How making teaching a career no one wants will finally make our kids college and career ready…
The year was 2014 and, alas, all was not right with the world. Income inequality in these United States had both soared and skyrocketed to levels not seen since the 1920’s, and the middle class was living just a little less large. Some pointed to the collapse of labor unions as part of the problem, but that explanation seemed too obvious. Then another, far more intriguing explanation began to gain currency, particularly among those who possessed a great deal of currency. The blame for the country’s slide lay with teachers who, coincidentally, happened to belong to one of the country’s few remaining unions. Could there be a connection?
A rising tide lifts all yachts (and elevates the teaching profession)
Fortunately, an easy solution lay within reach: the teaching profession needed to be elevated out of the reach of those who were currently in it. ¿But who was bold and disruptive enough to orchestrate such a boldly disruptive plan? Once again, we were in luck—although by *we,* I am not referring to you. While the rising tide of inequality had lifted but a few yachts, as immense fortune would have it, those yachts were captained by individuals who dreamed of *elevating the teaching profession* from its current malaise of low expectations up towards the very penthouse of career status.
A chauffeured trip down memory lane
But how to make sure that these new, super-charged teaching elevators reached the floor marked *E* for excellence? Of course, Finland offered one path to the top, but its lessons, like avoiding standardized testing and not having a lot of poor people, seemed like the wrong ones. Might the answer to the question so many were asking lay in the past, back in teaching’s golden age, before the teacher unions had spannered up the college and career readiness works? It was time for a chauffeured trip down memory lane… Long, long ago in the not-so-distant past, teaching was what was known colloquially as a *crap job.* Members of the overwhelmingly female workforce were low paid and could be fired for any reason, like being pregnant, or because they got up in the grills of their administrators, a great many of whom seemed not to be geniuses.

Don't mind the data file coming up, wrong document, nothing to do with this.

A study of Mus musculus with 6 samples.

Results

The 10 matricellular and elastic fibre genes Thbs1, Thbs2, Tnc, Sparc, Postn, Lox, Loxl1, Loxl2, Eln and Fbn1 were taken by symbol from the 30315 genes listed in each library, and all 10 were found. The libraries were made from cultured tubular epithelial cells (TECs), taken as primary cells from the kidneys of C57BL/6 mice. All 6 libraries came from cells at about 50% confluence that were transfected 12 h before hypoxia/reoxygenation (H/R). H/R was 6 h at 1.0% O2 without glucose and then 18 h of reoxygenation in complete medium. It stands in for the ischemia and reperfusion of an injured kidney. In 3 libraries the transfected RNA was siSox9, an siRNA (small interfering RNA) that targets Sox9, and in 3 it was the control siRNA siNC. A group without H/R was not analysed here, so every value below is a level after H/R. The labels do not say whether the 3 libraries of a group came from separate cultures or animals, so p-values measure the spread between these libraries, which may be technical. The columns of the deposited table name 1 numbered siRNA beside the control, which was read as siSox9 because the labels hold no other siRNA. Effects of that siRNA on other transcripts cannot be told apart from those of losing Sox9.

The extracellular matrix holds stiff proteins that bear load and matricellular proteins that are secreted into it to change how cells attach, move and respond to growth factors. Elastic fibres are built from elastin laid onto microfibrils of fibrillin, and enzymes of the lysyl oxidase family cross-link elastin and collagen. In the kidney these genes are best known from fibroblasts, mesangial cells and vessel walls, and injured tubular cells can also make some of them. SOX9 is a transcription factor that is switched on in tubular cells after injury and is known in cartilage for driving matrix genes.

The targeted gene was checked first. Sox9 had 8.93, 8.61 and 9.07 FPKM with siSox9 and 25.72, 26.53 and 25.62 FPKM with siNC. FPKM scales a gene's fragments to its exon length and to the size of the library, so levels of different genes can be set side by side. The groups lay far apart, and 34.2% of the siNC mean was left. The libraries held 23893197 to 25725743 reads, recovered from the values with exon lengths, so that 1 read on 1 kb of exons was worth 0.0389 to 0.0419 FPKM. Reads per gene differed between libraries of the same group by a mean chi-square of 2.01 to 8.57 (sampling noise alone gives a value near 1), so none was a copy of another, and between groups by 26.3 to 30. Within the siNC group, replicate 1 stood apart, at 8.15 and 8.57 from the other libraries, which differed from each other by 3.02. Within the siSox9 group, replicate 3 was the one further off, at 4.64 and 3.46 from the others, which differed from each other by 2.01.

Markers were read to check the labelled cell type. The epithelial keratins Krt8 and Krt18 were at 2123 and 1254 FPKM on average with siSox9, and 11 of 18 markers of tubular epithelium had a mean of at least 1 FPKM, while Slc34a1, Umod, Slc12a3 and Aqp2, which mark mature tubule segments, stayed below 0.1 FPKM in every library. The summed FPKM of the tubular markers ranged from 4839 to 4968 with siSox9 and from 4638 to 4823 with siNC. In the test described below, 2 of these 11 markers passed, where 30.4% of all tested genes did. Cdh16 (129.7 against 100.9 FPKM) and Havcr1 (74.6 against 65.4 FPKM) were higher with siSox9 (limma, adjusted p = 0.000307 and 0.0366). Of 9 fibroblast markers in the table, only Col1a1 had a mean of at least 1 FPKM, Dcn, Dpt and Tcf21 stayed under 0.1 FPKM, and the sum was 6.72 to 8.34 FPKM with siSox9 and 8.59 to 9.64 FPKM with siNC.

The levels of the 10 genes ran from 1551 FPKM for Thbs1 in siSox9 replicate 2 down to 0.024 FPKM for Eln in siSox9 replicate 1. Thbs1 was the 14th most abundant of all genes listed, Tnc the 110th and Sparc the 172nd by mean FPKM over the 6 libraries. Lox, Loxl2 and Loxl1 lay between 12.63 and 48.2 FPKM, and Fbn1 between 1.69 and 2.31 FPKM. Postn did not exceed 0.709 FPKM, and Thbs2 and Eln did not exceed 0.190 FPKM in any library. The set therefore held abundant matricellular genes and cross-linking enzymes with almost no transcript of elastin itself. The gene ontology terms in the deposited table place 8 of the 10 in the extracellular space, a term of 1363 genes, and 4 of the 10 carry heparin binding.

Leads to an obvious conclusion
Thanks to the collective action of a great many teachers it was no longer possible for them to be fired just because an administrator had a friend or relative who had always wanted to go into teaching. But then, tragedy struck. Due to a process (due process?) that no one could ever quite explain, the fact that teachers could no longer be fired for any reason caused expectations to sink and test scores to plummet, except where they rose to great global heights. Meanwhile, those states where teachers retained the right to work free of such rights, like South Carolina, North Carolina and Texas, soon became the envy of the test-taking world, an honor that that remains theirs today.
And an even more obvious two-part solution
Fortunately an even more obvious two-part solution lay even closer at hand. Part one: mail informational packets to low-income students at home (if, in fact, they still had one of these), informing them that selective colleges represented their best shot of entering the increasingly selective middle class. Step two: create new openings in the middle class by making a formerly middle class profession less, well, middle classy by doing this, this, this, this or, if one dared, this. The logic was as simple as it was elegant: the best way to make students college and career ready was to make teaching a career that no one wanted. Only one question remained: why had no one thought of this before?
Meanwhile, there were already signs a plenty that the boldly audacious plan was already paying off. In North Carolina, where the teaching profession now ranked among the most elevated in the nation, career readiness rates were soaring—especially among teachers who were leaving teaching for other careers. Best of all, college ready students were increasingly demonstrating their own lack of interest in pursuing teaching as a career by not pursuing teaching as a career. At last estimate, freshman enrollment in the state universities’ education schools was estimated to be down between 20 and 40 percent.